Fleshing Out the Predator-Prey Balance

David Christianson sleeps next to lions. For an expert in large mammal conservation and ecology, that’s just the nature of the beast.

Christianson, an assistant professor in the School of Natural Resources and the Environment at the University of Arizona, focuses on large mammal behavior and the predator-prey relationships of Africa’s most iconic carnivores and herbivores, as well as elk and wolves in Montana and the endangered Sonoran pronghorn in the southwestern United States.

By studying the behavior of these animals, Christianson hopes to identify why certain species or populations teeter on the brink of extinction and what forces determine whether they live to flee or fight another day, regardless of where they fall on the food chain.  

“Populations ebb and flow, sometimes disappearing.” Christianson said. “The role of carnivores as ‘killers’ is one force we often look at to try to understand these dynamics, but predation alone can be a poor explanation for the trends we see in prey populations. That’s partly because predators can play a larger role in the ecosystem beyond simply killing and eating prey.”

One of Christianson’s projects involves better understanding how predation risk from large carnivores drives the behavior of large herbivores in Zambia in southern Africa. As co-investigator on the project, he collaborates with Montana State University and the Zambian Carnivore Programme, a non-profit trust dedicated to conserving the region’s large meat eaters, to study the ways populations persist. In particular, they examine behavior in dominant herbivores such as wildebeest, antelope, and Cape buffalo in relation to lions, cheetahs, African wild dogs, leopards, and hyenas.

Christianson also has assisted conservation and resource managers with reintroducing lions to Liuwa Plain National Park in western Zambia, where proximity to the Angolan civil war and poaching had reduced the lion population to a single lioness by the late 1990s. A documentary film features this “Last Lioness,” Lady Liuwa, who slept near Christianson’s tent when he last visited there.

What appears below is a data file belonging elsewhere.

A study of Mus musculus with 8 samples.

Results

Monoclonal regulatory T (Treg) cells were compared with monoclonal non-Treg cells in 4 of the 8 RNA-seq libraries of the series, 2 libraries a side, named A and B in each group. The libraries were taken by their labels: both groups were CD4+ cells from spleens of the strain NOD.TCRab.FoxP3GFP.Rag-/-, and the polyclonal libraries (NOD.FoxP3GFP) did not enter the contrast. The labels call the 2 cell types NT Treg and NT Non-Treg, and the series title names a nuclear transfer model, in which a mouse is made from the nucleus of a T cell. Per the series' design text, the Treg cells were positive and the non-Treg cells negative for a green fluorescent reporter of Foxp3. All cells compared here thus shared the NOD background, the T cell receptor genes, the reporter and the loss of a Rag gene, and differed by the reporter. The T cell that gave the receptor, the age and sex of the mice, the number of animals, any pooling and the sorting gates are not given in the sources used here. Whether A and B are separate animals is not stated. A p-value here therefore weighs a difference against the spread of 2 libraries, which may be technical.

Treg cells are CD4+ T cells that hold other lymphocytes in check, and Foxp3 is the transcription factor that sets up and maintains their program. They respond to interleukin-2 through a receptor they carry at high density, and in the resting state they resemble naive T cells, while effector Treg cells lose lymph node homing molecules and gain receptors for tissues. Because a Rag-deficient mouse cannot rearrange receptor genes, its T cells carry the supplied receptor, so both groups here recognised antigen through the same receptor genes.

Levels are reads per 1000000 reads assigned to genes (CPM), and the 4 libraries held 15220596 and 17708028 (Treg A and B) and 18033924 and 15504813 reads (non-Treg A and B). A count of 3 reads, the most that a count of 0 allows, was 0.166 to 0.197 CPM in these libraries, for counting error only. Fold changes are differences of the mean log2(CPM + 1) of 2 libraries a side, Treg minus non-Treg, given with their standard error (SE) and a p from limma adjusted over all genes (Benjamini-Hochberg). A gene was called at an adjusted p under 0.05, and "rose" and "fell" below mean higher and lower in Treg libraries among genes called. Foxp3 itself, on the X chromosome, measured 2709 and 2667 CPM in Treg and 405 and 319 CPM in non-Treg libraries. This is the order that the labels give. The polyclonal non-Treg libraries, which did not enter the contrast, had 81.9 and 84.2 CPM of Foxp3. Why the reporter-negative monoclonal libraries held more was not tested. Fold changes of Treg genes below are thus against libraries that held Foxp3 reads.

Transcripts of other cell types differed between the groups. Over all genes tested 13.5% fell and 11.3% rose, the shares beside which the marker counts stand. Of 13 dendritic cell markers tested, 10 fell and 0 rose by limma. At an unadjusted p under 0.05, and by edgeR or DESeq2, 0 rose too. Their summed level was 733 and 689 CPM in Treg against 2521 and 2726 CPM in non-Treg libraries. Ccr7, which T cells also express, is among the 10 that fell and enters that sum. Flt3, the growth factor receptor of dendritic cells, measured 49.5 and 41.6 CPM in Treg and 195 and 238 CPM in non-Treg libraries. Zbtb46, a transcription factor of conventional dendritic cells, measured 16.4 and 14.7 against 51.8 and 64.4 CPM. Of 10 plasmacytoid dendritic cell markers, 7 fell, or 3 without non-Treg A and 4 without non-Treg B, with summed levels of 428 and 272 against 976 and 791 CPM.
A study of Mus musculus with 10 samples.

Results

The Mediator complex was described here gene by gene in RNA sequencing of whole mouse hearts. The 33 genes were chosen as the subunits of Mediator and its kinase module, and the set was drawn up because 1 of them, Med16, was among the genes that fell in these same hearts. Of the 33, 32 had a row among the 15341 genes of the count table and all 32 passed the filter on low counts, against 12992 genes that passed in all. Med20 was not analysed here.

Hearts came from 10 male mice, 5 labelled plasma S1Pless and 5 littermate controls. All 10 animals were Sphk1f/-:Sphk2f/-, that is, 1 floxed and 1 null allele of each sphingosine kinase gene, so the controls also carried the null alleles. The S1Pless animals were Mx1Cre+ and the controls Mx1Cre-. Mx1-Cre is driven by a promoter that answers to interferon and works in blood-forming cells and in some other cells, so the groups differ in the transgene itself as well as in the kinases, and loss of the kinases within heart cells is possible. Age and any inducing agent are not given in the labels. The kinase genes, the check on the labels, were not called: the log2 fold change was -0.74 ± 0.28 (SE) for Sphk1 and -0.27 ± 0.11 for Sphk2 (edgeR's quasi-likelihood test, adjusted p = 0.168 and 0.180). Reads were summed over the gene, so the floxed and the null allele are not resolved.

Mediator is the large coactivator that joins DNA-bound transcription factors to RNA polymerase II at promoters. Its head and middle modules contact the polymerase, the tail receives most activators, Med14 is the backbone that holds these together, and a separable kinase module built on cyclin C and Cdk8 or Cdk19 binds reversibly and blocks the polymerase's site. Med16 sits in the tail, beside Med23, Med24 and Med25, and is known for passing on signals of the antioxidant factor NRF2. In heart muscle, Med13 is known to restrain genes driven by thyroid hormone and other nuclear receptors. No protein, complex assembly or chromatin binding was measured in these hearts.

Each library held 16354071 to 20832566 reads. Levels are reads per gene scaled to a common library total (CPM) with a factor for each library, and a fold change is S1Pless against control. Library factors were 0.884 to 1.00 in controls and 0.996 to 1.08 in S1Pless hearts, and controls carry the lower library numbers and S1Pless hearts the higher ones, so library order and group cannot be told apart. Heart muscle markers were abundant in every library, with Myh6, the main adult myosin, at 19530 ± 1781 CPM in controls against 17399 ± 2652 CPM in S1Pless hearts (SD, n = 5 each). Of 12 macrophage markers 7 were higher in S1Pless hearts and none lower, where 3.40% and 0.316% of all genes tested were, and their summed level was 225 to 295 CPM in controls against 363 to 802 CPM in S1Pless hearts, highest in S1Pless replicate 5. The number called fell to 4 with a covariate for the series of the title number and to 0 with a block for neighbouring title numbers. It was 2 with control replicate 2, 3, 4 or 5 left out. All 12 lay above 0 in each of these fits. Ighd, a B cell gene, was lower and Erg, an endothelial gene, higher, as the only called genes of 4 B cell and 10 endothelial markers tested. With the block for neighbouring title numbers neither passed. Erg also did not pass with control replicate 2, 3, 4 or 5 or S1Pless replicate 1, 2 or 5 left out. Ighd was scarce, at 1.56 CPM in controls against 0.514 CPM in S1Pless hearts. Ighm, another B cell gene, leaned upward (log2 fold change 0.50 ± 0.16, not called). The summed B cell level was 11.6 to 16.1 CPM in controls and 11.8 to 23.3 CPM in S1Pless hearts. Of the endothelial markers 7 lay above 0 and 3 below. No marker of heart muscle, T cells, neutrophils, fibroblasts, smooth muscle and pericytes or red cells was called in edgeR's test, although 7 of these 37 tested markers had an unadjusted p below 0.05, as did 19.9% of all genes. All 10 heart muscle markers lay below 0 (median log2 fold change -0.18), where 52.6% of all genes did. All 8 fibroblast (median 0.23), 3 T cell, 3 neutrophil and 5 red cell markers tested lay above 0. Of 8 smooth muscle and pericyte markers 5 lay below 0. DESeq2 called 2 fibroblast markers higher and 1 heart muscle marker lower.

During the Liuwa Plain project, one 250-pound lioness bolted toward the park boundary. Christianson helped track and dart her, but she plunged into a swamp before the tranquilizer completely kicked in.   

“She was in the water with her head barely above the surface,” Christianson said. “Every time she almost fell under sedation, I had to tug her tail to keep her awake. Eventually, once she was completely sedated, I held her head until we could pull her out of the swamp and into the helicopter sling.”

Christianson sinks his teeth into this kind of heart-pounding work out of a passion for these charismatic carnivores and their herbivorous counterparts.

“I was drawn to the field due to the intelligence of these large mammals, and their need for vast, wild places,” he said. “They can have such an impact on their ecosystems, but they can also be very vulnerable.”

Through direct observation, radio collars, and analysis of what herbivores eat and where, Christianson’s work examines how animals respond to the presence of a predator and how that behavioral response itself can affect population dynamics and reproduction.

“For example, there may be higher predation rates in herbivores that do not react strongly to the presence of carnivores,” he said. “But those that do react strongly, by avoiding risky habitats or behaviors, may face other consequences, including increased disease, depressed nutrition, and low reproduction. These less obvious consequences of living with predators can be just as real and important as being killed and eaten.”  

Christianson’s research in the Greater Yellowstone region, which covers 20 million acres in Montana, Wyoming, and Idaho, has shown just that. Elk herds that moved out of open areas, increased vigilance, and decreased foraging when wolves were immediately nearby had higher rates of starvation and lower rates of reproduction over the course of a single winter. Subsequently, the number of elk in the region has fallen by 50 percent, far more than can be explained by wolf predation alone.

“It was a very exciting discovery, but like most good research, it leads to more questions than answers,” Christianson said. “What other outcomes can arise between predators and prey? What happens when there is more than one top predator in the ecosystem, or more than one dominant herbivore? That’s what we hope our work in Zambia will begin to address.”

Despite the success of his work in the northwest, Christianson was drawn to the Southwest to discover more about large mammal behavior.

“I liked that the University of Arizona had so many opportunities for what I can do with my current research and what I can initiate as new research,” Christianson said. “There is such diversity in Southern Arizona.”

He recently received a four-year, $482,000 grant from the U.S. Fish and Wildlife Service to examine how humans affect Sonoran pronghorn populations in Arizona. The reddish-brown and white pronghorn—the speediest land mammal in North America—once roamed as widely as buffalo; now only about 160 free-ranging animals live in the U.S., with an additional 240 living in Sonora, Mexico, according to the U.S. Fish and Wildlife Service.

Despite their low numbers, Christianson maintains a cautiously optimistic outlook for pronghorn and other struggling mammals.

“Significant strides are being made in conservation today,” he said. “There is still a lot of work to do, and we hope this type of research will arm decision makers with the knowledge to successfully maintain these populations well into the future.”